US Defence Secretary Jim Mattis arrives at Forward Operating Base Gamberi east of Kabul, Afghanistan, on an unannounced visit to the war-torn country on September 27, 2017.
Kabul: An American airstrike on insurgents in Kabul Wednesday caused “several casualties” after a missile “malfunctioned”, Nato said, overshadowing a high-profile visit by US Defence Secretary Jim Mattis and Nato chief Jens Stoltenberg.
The US strike was launched in support of Afghan security forces who had confronted militants after they fired a volley of rockets near the capital’s international airport hours after Mattis arrived in the country for talks.
One person was killed and 11 others were wounded in the assault, according to the interior ministry. The Taliban and Daesh’s local Khorasan province affiliate claimed responsibility.
“Tragically, one of the missiles malfunctioned, causing several casualties,” Nato’s Resolute Support mission said in a statement.
Nato said it “deeply regrets the harm to non-combatants” and an investigation was under way into the attack and the defective ammunition.
The casualties caused by a US airstrike in the capital have cast a pall over Mattis’s trip to the country and could fuel anger towards American forces whose reputation is already tarnished.
Earlier this month US forces distributed leaflets in the northern province of Parwan that were deemed highly offensive to Muslims and sparked angry protests.
Mattis is the first member of US President Donald Trump’s cabinet to visit Afghanistan since Trump last month pledged to stay the course in America’s longest war.
His unannounced visit came as the country’s beleaguered security forces struggle to beat back the Taliban, which has been on the offensive since US-led Nato combat troops withdrew at the end of 2014.
Mattis, along with Stoltenberg, held talks with President Ashraf Ghani to discuss the US-led Nato “train and assist” mission — designed to strengthen Afghanistan’s military so it can defend the country on its own.
At a joint news conference with Ghani at the presidential palace, Mattis and Stoltenberg renewed their commitment to Afghanistan, and expressed determination to stop the country becoming a safe haven for terrorists.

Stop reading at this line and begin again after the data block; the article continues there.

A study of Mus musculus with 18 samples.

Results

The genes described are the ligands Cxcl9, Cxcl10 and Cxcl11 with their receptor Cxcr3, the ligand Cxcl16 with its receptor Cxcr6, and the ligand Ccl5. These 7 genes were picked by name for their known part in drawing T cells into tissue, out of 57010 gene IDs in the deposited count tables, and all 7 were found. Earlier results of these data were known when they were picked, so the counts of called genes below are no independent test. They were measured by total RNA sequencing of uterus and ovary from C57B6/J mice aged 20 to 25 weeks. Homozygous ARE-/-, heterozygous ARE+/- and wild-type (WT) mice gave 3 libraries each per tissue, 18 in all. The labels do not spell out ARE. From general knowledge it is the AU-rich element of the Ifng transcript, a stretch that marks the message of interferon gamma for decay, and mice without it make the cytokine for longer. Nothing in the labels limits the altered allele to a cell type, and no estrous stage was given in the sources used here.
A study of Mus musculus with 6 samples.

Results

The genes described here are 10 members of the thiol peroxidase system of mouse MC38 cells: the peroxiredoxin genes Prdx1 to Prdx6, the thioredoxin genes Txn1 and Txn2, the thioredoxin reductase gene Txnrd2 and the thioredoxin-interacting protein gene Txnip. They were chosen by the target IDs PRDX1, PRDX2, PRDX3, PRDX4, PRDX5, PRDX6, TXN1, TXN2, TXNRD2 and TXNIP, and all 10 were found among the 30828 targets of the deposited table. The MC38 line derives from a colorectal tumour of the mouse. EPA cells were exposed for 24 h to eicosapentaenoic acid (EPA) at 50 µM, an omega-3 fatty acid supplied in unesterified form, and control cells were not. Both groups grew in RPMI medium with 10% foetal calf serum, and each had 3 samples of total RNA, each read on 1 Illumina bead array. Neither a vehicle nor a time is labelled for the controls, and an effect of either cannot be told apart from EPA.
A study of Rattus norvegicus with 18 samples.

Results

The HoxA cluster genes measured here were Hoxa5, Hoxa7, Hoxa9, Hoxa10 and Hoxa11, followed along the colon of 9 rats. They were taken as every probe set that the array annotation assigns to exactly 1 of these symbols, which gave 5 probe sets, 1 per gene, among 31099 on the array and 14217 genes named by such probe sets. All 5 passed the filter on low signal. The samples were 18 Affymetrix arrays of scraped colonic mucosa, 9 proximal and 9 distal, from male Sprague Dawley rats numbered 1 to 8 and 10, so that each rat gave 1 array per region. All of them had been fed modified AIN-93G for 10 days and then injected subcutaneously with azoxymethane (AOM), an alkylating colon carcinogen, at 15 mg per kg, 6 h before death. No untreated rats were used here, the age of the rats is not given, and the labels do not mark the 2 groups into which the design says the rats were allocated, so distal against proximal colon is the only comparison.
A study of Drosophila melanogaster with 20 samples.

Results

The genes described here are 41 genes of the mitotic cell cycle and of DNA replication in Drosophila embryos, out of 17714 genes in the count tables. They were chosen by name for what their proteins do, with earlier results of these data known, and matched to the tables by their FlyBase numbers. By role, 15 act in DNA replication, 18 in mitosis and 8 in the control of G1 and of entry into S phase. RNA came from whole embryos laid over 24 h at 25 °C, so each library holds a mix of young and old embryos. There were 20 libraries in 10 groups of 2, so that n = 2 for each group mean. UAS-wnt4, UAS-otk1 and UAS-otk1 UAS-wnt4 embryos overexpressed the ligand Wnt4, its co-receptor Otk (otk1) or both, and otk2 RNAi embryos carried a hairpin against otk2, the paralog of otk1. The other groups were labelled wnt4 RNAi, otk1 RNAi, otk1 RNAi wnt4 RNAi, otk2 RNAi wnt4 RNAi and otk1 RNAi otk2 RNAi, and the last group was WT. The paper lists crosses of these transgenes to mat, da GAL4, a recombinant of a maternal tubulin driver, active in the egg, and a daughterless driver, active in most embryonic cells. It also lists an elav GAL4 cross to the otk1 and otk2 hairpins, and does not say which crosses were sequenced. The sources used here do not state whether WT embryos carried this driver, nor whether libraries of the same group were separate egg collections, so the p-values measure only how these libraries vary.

“We will not abandon Afghanistan to a merciless enemy trying to kill its way to power,” Mattis told reporters in reference to the Taliban.
Stoltenberg said: “The more stable Afghanistan is the more safe we will be.”
So far, more than 15 Nato members have agreed to send additional troops.
US generals have for months been describing the situation in Afghanistan as a stalemate, despite years of support for Afghan partners, continued help from Nato and an overall cost in fighting and reconstruction to the United States of more than $1 trillion (Dh3.67 trillion).
Wednesday’s succession of rocket attacks in Kabul did not alter Mattis’s movements, and he later flew to Forward Operating Base Gamberi east of Kabul, where he spoke to US troops who are training Afghan security forces.
October marks the war’s 16th anniversary, and the resurgent Taliban have promised to turn Afghanistan into a “graveyard” for foreign forces. They have been mounting deadly attacks as they maintain their grip on large swathes of the country.
On allegations that Iran and Russia are actively propping up the Taliban, Mattis said it would be “extremely unwise if they think they can somehow support terrorism in another country and not have it come back to haunt them”.
Under Trump’s plan, the US is sending more than 3,000 additional troops to Afghanistan, on top of the 11,000 already on the ground, to train and advise the country’s security forces.
Nato allies have about 5,000 troops deployed around the country.
Critics have questioned what the extra US soldiers can accomplish that previous forces — who numbered some 100,000 at the height of the fighting — were unable to do.
But Afghanistan expert John Hannah of the Washington-based Foundation for Defence of Democracies said the Afghan forces are now at adequate troop levels and have plenty of combat experience, boosting their chances of success.
We “may be getting to a point where after many more years of investment we’ve got an institutional (security force) capable of holding its own in most of the country against the Taliban and Al Qaida, and eventually grinding down the enemy and winding down the war,” Hannah told AFP.
“That, to my mind, is our main ticket out.”
General John Nicholson, head of US forces in Afghanistan, said the new US policy had lifted the spirits of Afghan troops while putting the Taliban leadership in “disarray” as they digest news of an indefinite US commitment.
“On the battlefield… Taliban morale has dipped, their casualties have remained very high,” Nicholson told reporters. “So this certainly has had an effect.”